4.2 out of 5 stars 8 customer reviews



"We need many more books like this one that draw into the foreground the fact that sexism in the schools is crippling America's leadership and productivity." -- Naomi Wolf, author of The Beauty Myth

"Provides hard evidence of the discrimination women face from the first day of school." -- Patricia Ireland, former president, National Organization for Women

"Required reading for anyone interested in sex bias." -- The New York Times

"An eye-opener for any parent or teacher truly interested in equality." -- San Francisco Chronicle

About the Author

David Sadker

Karen R. Zittleman came to American University as a graduate student, worked with Dr. Sadker on gender equity research, then began researching teacher education issues, and now has graduated to co-author of this text. Karen brings both energy and insights to this textbook. Karen attended the University of Wisconsin for her bachelor s degree, and American University for her master s and doctorate. She teaches at American University s School of Education, and has been a virtual teacher for several courses offered online through the Women s Educational Equity Act. Her articles about gender, Title IX, and teacher education appear in the Journal of Teacher Education, Educational Leadership, Phi Delta Kappan, Principal and other professional journals. She is a contributing author to Teaching and Gender Equity: Foundations, Skills, Methods and Strategies (Lawrence Erlbaum publishers), and has created several equity websites. Karen has also authored Making Public Schools Great for Every Girl and Boy, an instructional guide on promoting equity in math and science instruction (National Educational Association), and educational film guides for A Hero for Daisy and Apple Pie: Raising Champions. She is project manager for Myra Sadker Advocates. Karen s research interests have focused on educational equity, foundations of education, teacher preparation, and spirituality in education.

Dr. Myra Sadker and Dr. David Sadker, professors at The American University (Washington, D.C.), have been involved in training programs to combat sexism and sexual harassment in over forty states and overseas. Their ground-breaking research has sparked a national response to sexism in schools, including the recent report from the American Association of University Women, "How Schools Shortchange Girls." --This text refers to an alternate Paperback edition.


  • Paperback: 384 pages
  • Publisher: Scribner (April 28, 2009)
  • Language: English
  • ISBN-10: 1416552472
  • ISBN-13: 978-1416552475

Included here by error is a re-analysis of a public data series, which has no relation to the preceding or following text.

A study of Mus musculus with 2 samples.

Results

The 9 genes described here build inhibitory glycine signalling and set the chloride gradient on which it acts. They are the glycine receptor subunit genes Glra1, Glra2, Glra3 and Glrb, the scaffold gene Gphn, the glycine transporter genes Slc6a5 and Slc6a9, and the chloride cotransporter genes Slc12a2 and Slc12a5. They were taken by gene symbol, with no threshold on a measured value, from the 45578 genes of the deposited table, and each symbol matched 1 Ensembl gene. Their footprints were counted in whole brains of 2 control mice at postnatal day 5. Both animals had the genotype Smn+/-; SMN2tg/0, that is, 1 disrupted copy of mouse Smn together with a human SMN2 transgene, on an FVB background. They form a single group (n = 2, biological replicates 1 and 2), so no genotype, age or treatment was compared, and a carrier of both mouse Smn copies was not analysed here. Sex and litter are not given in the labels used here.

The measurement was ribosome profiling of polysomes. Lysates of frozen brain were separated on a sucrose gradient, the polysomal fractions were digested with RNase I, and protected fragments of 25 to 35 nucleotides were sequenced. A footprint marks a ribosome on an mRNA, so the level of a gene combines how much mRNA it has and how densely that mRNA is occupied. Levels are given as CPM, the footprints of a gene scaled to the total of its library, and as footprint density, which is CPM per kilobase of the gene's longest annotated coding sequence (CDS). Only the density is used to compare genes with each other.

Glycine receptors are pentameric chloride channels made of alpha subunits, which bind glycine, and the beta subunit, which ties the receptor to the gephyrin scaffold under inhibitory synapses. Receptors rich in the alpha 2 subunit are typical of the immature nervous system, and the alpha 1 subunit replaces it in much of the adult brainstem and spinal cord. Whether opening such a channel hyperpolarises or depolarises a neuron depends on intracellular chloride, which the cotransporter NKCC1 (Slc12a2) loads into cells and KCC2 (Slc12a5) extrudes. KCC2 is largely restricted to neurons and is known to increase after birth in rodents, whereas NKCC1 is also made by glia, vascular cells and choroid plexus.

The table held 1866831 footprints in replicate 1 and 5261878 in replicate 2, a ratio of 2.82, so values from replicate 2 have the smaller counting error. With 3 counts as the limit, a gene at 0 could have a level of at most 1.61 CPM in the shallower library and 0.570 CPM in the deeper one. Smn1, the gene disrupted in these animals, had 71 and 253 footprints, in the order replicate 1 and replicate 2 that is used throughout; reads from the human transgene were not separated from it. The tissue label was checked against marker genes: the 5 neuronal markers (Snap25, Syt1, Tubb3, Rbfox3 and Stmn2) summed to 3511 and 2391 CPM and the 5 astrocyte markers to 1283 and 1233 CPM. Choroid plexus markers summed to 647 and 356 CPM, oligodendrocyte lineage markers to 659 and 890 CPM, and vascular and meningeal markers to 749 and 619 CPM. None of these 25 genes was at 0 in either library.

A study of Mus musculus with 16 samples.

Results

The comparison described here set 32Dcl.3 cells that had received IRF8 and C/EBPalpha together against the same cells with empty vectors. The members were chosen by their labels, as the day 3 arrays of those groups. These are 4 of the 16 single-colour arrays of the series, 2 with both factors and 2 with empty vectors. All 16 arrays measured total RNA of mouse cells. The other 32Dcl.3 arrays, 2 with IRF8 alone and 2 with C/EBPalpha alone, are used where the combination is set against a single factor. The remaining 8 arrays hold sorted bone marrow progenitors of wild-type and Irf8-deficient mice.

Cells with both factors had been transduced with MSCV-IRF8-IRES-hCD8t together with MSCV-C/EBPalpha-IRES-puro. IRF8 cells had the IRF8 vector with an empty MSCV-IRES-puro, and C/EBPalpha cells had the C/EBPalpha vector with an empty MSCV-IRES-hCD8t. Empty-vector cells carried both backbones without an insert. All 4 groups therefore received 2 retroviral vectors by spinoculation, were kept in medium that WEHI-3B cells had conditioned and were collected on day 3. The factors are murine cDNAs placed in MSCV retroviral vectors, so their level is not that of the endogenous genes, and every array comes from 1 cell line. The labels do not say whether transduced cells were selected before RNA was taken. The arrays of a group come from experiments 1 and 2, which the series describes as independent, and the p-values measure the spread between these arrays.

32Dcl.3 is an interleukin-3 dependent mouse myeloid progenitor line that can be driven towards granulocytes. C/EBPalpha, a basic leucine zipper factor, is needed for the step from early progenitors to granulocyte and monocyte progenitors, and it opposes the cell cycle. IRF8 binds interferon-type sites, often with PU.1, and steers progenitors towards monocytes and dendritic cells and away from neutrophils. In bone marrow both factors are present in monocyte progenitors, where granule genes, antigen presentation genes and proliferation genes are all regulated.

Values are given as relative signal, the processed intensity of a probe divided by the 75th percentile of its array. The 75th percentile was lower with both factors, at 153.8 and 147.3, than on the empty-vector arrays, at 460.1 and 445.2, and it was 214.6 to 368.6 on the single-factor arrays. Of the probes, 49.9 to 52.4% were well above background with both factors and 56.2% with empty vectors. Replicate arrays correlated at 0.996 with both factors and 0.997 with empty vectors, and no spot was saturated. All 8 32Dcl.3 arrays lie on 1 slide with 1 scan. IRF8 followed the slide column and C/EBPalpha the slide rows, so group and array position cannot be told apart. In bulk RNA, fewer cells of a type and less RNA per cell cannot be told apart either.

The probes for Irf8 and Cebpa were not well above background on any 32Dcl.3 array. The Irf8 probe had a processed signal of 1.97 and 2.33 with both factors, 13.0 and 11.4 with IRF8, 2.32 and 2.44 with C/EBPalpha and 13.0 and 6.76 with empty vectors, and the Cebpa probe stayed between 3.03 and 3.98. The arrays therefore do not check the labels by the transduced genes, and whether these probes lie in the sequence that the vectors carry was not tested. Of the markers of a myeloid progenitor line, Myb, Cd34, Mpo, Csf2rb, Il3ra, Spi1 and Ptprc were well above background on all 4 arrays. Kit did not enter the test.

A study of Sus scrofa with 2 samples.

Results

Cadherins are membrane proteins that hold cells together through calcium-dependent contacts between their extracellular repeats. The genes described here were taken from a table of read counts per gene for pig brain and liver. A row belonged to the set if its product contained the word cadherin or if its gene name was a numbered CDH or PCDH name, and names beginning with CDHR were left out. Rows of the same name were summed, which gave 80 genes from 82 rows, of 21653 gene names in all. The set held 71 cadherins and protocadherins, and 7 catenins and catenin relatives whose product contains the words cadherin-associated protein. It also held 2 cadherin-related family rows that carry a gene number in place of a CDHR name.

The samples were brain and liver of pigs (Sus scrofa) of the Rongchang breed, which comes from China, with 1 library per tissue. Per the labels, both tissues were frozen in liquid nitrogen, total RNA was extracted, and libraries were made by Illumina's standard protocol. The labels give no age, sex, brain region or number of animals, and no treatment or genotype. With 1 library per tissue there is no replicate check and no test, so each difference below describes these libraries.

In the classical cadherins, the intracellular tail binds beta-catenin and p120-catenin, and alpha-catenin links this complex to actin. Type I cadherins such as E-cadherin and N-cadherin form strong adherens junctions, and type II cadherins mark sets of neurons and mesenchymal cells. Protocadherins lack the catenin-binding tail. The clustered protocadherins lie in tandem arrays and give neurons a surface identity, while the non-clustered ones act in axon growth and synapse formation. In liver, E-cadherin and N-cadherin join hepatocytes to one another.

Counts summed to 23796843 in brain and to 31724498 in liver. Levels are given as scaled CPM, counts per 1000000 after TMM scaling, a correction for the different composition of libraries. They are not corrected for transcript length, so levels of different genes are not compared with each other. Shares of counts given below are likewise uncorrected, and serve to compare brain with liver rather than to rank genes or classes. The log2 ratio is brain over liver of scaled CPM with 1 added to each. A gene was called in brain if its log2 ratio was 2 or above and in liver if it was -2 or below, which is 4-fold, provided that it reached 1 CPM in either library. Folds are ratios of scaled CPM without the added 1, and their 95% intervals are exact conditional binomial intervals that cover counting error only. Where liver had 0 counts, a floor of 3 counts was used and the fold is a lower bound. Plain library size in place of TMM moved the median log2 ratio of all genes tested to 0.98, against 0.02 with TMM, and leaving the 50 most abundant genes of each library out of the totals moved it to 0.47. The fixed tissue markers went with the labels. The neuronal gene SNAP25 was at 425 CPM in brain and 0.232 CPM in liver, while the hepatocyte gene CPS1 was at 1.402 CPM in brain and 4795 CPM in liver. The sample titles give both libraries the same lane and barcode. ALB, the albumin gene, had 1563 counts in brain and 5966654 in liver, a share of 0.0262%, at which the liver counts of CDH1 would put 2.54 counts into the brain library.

• ASIN: B002PJ4J2O
  • Product Dimensions: 8.9 x 5.9 x 1 inches
  • Shipping Weight: 13.6 ounces
  • Average Customer Review: 4.2 out of 5 stars  See all reviews (8 customer reviews)
  • Amazon Best Sellers Rank: #1,863,726 in Books (See Top 100 in Books)

Customer Reviews

Top Customer Reviews

Format: Paperback Verified Purchase
More than ten years ago, in the mid 90's, the Sadkers did an expansive as well as longitudinal study of gender bias, ethnic bias and other forms of stereotyping and their effects in our public school systems -- from grade school through college. What they found was appalling, and perhaps more tragic, was the that the situation wasn't being recognized by teachers, administrators or parents - though to their credit, the teachers were horrified that they were inadvertantly sending such messages. However, the children knew and their stark responses to the gender and ethnic inequalities they felt showed that even as grade school children they already knew.

Ten years later, in the mid-2000's Sadker and Zittleman decided to revisit all the data and update their report with current research. Sadly, they didn't find much improvement. They did find improvement, but as the mountain of current research still shows, things have not improved much.

Please don't let dismissive reviews fool you. The folks doing this kind of research know that the Sadkers work is VERY up-to-date and is backed up by hundreds of other papers and studies that still show how far we have to go before more than half our population is allowed to be considered equal and is encouraged to achieve their full potential.

Don't believe me? Try looking at Hanson's Lost Talent, another book from the 90s or more recently, Hall's 'Who's Afraid of Madam Curie', or better yet, just do a Google Scholar search for 'gender bias' or 'stereotypes' and you'll find more than enough 'current' proof that things have not improved.

The less we try to convince ourselves that everything is just peachy, the better off we'll be -- and the better off our educational system will be.
The book presents really good arguments about gender and how there is still work to do in the classroom setting. There is definitely a bias towards the female gender -- I wish more information was provided regarding male based stereotypes and unfair treatment that we should be aware of in the classroom.